Guest post by Ros Milani Gallieni, Founder of Jet Candy
Living in an age of contagion and the mental hurdles following the imposition of enforced lockdown, our lives are more digitally interconnected than ever before. We can work with colleagues across multiple time zones, permanently glued to our screens on phones and smart devices, as we try to keep on top of our never-diminishing workloads, compounded by the growth of the “always on” work culture that many of us have to subscribe to as a consequence of changing (and increasingly international) work patterns.
So perhaps it’s of little surprise that there has, in recent times, been an upwards incline in receptivity towards wellness trends, especially now that we are all the more aware of the positive effects of self-care. In short, we know we need to put our physical, mental and emotional wellbeing first before stepping into a travel schedule — and in many cases, that could be as simple as ensuring that we’re getting enough sleep.
According to data released by the Global Wellness Summit, one of the biggest trends identified for this year was a shifting focus from simply analysing sleep behaviours and offering generalised sleep solutions, to a keener and sharper understanding of true circadian health. It is perhaps worth bearing in mind that the global sleep market is worth an estimated $432 billion, and is predicted by Frost & Sullivan’s 2019 assessment to rise by 35% to $585 billion by 2024.
Many of the problems associated with jet-lag, even todays’ desk-lag and generally poor sleep can be traced back to the disruption of the circadian rhythms — the internal body clock that humans have evolved to become hypersensitive to, in so far as it is primarily responsible for conditioning everything from our sleep cycles to our metabolic systems, even to regulating our core body temperature. However, our 21st century lifestyles are increasingly infringing on this more and more. We are more commonly found glued to the bright lights of our devices before bed — not good — instead of winding down in a darkened room — important.
Whilst for many of us, it is simply impractical to overhaul our lives and really respond to what our circadian rhythms are telling us, there are several “coping” mechanisms that we can set in place, especially when we are looking at getting back on long-haul flights in 2021. Here are my top tips:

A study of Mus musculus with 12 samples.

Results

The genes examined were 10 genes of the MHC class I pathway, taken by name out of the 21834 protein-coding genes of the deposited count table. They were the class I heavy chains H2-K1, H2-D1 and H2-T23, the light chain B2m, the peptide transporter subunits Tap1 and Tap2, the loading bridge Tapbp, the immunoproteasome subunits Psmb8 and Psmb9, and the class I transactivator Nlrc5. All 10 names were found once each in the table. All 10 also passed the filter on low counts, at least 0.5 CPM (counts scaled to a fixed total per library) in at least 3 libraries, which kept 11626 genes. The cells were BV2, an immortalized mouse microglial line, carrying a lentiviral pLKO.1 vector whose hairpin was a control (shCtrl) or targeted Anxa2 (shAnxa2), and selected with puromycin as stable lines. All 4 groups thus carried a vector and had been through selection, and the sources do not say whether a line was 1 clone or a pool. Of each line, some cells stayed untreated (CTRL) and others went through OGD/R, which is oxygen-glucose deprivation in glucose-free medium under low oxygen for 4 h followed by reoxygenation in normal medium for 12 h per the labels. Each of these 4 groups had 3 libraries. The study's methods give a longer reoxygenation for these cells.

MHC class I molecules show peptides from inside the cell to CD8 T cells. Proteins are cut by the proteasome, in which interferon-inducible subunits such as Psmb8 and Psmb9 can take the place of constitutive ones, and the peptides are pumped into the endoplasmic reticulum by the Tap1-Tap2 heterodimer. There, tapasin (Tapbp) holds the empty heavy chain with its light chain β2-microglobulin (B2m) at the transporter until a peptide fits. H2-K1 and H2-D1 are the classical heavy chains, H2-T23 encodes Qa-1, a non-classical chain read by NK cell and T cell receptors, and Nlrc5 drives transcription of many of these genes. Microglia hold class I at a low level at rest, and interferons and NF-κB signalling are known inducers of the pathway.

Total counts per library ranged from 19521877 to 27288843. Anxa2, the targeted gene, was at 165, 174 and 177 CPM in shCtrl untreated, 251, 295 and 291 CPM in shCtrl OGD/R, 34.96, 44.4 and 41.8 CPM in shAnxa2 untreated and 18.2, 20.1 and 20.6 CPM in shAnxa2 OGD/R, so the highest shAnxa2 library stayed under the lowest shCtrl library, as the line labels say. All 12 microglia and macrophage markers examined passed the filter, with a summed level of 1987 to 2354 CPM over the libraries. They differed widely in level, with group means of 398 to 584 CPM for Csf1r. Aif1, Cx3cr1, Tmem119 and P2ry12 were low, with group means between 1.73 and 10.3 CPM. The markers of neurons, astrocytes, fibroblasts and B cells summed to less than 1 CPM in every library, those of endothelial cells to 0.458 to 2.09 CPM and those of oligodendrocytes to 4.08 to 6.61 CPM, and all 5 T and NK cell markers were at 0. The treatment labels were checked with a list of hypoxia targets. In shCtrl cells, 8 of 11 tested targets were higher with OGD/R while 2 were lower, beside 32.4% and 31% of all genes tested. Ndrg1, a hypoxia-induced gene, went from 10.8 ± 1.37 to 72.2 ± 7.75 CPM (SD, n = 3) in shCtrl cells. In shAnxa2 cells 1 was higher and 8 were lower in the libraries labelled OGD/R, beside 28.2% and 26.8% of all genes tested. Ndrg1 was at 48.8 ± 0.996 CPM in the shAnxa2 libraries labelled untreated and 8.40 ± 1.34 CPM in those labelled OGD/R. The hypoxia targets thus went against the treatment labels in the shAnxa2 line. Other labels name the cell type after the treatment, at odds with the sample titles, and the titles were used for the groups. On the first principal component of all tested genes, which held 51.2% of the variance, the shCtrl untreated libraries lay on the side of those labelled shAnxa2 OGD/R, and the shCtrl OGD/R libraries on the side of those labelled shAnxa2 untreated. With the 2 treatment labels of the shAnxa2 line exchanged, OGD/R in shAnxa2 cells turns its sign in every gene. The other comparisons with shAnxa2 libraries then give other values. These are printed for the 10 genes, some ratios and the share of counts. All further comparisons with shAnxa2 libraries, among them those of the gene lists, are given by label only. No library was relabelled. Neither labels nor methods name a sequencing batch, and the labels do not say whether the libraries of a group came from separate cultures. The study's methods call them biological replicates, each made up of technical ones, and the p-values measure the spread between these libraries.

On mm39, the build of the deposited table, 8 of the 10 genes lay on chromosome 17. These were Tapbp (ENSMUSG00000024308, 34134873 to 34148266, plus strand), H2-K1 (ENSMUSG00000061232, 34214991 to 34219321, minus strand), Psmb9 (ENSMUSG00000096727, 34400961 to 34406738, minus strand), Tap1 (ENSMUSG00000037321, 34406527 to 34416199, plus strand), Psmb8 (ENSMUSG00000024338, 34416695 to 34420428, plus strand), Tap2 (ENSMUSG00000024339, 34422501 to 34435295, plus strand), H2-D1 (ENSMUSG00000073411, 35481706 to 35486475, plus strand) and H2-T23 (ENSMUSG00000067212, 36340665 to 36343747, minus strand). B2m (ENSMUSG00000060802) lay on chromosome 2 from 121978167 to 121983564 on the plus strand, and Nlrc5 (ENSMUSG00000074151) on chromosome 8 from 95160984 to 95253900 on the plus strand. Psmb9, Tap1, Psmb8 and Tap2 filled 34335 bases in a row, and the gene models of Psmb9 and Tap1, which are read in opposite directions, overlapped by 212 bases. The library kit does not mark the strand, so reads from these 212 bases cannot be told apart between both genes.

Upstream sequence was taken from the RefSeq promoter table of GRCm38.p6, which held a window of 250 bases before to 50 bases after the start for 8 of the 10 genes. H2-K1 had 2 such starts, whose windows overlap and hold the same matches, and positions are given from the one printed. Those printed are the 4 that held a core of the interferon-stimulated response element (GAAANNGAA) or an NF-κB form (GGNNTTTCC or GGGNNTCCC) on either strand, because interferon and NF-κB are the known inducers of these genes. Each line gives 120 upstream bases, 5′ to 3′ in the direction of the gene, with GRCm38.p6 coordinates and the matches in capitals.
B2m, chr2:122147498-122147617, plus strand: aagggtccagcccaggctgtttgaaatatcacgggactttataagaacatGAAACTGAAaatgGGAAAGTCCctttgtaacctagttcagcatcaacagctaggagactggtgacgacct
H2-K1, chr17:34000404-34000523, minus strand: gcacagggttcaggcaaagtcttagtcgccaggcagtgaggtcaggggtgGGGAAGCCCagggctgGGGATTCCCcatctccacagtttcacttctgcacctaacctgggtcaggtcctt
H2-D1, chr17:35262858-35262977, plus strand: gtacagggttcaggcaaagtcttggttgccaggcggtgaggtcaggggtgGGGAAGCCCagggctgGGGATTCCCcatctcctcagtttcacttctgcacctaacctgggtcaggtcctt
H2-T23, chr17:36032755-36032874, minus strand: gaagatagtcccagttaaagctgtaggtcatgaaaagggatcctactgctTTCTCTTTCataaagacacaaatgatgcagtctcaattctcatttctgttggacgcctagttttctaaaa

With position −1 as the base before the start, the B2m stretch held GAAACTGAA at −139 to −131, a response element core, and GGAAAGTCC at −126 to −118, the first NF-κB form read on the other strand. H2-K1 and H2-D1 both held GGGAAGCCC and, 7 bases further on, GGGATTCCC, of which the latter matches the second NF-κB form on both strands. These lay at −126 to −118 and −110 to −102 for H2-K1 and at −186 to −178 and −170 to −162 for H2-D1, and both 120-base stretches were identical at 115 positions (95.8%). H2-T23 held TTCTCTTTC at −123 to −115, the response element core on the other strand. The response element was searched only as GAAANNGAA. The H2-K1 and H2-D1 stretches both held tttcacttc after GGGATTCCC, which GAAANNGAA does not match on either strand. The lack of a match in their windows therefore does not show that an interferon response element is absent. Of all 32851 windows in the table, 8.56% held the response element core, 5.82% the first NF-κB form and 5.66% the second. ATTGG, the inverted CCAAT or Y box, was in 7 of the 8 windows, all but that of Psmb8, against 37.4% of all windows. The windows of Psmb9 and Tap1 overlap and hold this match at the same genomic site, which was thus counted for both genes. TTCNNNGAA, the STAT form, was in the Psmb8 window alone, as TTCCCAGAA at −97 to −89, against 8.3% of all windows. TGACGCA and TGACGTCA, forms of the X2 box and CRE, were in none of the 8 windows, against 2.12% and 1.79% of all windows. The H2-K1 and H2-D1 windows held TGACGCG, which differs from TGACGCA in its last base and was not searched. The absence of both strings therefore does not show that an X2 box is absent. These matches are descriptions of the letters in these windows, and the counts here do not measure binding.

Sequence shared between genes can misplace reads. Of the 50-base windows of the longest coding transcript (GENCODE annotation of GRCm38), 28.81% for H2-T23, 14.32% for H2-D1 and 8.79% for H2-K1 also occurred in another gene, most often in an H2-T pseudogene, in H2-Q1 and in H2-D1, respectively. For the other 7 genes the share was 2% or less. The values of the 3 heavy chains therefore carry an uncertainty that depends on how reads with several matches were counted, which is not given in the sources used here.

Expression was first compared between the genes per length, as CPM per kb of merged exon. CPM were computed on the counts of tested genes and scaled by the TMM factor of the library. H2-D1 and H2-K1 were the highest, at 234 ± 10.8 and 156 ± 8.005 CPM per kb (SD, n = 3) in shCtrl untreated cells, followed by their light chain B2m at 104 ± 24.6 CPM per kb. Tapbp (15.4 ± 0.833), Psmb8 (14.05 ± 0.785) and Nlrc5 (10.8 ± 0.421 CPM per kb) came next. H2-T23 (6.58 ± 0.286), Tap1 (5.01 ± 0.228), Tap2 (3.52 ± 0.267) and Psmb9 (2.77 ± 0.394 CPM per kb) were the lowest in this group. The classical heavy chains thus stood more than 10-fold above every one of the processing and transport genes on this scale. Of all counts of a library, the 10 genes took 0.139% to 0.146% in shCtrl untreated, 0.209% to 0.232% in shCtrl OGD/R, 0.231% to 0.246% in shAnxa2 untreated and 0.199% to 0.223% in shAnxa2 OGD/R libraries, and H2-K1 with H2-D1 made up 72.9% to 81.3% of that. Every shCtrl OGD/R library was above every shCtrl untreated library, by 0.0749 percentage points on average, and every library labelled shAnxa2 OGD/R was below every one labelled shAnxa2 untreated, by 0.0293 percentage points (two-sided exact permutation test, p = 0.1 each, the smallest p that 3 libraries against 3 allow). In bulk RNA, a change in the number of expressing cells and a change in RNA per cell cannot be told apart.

- Jet Candy — is a 100% natural remedy, developed with specially chosen ingredients — such as arnica, cocculus and gelsemium — which, as well as allowing the internal body clock to function during long-haul travel, are also associated with alleviating the stress, anxiety and disruption of air travel, or indeed the anxiety of these times (and the frustrations of just armchair travel). It is a remedy to be taken before travel to ensure good sound sleep before departure — this is always a key point in our routines. Its unique combination of remedies, however, can also aid with other complaints — including fatigue, insomnia, exhaustion, DVT and anxiety. I am often reaching for Jet Candy from my armchair, when I am stressed with work and circumstances. You just need a couple of Jet Candy pillules to feel quite refreshed and perky!
- Get a good nights’ sleep before your travel — this is also the time to take you Jet Candy to again relieve the anxiety of travel prep — even if we (used to) travel regularly the night before departure is always a stirring night wondering if the alarm clock will work…
- Meditate — I recommend a membership based website The Self Care Space. Developed by this expert holistic therapist and yoga teacher Phoebe has curated library of guided meditations, sound baths, yoga flows and calming rituals which allow you to really slow down and become grounded, giving yourself some much needed “me time.” Whilst some of the videos in the library are over an hour, there are also some great ones as short as five minutes, making this the ideal way to fit some form of self-care into your day, at a time that suits you.
- Sound Therapy — Sonic Tonic App offers a collection of immersive soundscapes developed both for mental relaxation and for alleviating anxiety and negative thought through receptive sound therapy. The “ingredients” (i.e. the Tonics or sounds used in each theme) have been carefully combined to create really effective remedies that address a wide range of ailments. Every Tonic contains its own balanced mix of two or more auditory techniques that have been individually combined to have a specific effect — from building confidence, to reducing stress, to inducing deep sleep.
So, whilst we may not always be able to immediately tune out the daily distractions that vie for our attention, we can at least learn to take some time just for ourselves — and maybe even relax in the process and prepare for what lies ahead — the bustle of airports, airplane seating and long flights.